Here are some excerpts from homilies of the Fathers of the Church for today's readings:
St. John Chrysostom (Archbishop of Constantinople, 4th cent. A.D.): "For God always appears in a cloud, as according to Psalm 92, verse 2: Cloud and darkness are round about him. Hence also the Son of man will come in the clouds as both God and Lord, not humbly, but in the glory befitting the Godhead; accordingly, he adds: with great power and majesty".
St. Cyril of Alexandria (Bishop, 5th cent.): "Great events are to be understood in relation to each other. Just as His First Coming was in lowliness and humility, so His Second shall be in fitting majesty".
St. Gregory the Great (Pope, 6th cent.): "In power and majesty shall they behold Him, to whom when He came in lowliness they turned a deaf ear; so the more sharply will they now feel His power, the more they refused to humble their hard hearts to his clemency".
St. Ambrose (Bishop of Milan, 4th cent.) "The fig tree has a twofold meaning; either as when the hard grows tender, or when sin abounds. Either therefore when the fruit is green on all the trees, and the fig tree branch blooms also; that is, when every tongue doth confess the Lord, confessing also the people of Israel, we must hope for the coming of the Lord, in which, as in summer time, the fruits of the Resurrection shall be gathered in; or, when the son if iniquity shall have put on as a garland, vain and empty boast, the leaves of the synagogic branch, we must then see that the judgment approaches; for the Lord is hastening to reward faith, and to make an end of wrong doing".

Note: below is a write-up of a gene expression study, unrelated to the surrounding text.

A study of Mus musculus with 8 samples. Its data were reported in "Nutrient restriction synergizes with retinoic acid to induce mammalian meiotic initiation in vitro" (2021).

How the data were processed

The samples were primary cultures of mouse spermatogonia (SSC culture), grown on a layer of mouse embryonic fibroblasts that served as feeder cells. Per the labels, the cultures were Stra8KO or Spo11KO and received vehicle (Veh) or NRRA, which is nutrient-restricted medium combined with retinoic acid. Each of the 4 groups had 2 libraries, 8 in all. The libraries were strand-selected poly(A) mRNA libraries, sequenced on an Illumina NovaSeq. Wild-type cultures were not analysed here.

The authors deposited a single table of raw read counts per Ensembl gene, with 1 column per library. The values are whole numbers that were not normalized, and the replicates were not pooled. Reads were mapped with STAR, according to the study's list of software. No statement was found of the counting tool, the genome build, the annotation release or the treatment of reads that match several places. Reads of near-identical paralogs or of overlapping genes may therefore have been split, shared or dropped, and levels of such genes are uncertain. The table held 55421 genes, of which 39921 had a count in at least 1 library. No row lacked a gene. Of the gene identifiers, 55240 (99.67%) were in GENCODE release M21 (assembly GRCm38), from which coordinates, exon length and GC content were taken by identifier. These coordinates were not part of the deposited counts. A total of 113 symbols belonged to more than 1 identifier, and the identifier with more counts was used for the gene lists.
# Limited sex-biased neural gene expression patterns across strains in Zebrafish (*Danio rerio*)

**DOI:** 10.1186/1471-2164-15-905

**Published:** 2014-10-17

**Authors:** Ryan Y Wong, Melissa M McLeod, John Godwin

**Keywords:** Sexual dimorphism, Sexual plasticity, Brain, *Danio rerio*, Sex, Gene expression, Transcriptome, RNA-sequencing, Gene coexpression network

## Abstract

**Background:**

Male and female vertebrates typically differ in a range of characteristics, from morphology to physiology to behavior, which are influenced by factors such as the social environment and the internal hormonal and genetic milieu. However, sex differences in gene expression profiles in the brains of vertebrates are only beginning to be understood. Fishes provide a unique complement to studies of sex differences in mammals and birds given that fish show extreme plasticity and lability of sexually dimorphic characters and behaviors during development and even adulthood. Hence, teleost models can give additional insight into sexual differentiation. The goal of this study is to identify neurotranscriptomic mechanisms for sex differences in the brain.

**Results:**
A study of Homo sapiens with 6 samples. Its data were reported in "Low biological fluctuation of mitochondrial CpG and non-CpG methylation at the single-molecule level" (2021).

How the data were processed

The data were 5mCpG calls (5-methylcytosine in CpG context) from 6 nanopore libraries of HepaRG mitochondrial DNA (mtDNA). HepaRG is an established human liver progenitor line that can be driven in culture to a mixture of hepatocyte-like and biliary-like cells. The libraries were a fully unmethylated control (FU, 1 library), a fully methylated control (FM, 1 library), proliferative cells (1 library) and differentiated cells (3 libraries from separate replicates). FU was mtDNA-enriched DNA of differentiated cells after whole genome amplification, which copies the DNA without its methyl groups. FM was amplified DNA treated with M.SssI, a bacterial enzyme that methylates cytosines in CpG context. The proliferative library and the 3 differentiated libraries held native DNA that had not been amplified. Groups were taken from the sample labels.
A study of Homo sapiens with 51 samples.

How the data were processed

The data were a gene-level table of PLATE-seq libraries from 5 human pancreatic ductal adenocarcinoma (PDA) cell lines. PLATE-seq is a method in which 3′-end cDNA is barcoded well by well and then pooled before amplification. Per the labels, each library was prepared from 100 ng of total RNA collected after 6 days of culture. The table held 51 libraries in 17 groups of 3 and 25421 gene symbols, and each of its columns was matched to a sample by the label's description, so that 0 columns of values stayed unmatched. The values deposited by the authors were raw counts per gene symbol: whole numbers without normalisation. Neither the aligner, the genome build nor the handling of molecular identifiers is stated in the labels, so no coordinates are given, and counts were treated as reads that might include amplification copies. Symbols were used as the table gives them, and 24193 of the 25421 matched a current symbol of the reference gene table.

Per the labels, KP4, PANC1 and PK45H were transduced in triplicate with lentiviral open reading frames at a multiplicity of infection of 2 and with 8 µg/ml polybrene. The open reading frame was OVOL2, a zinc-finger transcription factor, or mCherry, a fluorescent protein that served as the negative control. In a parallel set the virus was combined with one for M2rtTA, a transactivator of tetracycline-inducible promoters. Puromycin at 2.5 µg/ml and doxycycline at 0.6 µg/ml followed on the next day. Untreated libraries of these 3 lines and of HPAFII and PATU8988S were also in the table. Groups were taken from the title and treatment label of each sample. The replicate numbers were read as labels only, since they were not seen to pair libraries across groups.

St. Gregory: "Heaven and earth shall pass away, etc. as though He were to say: everything that seems to you enduring, shall not endure for eternity; and everything that with Me seems to pass away, will remain immovable and without change. For my speech, which passes away, utters that which shall abide without change".
St. Bede (Priest, 8th cent.): "The heaven that will pass away is not the ethereal, or sidereal, heaven, but the aerial, after which the birds of heaven are named. If, however, the earth shall pass away, how does Ecclesiastes say, the earth standeth for ever. But, it is plain that He means, that the heavens and the earth shall pas away in their present form, but that in their essence they will endure for ever".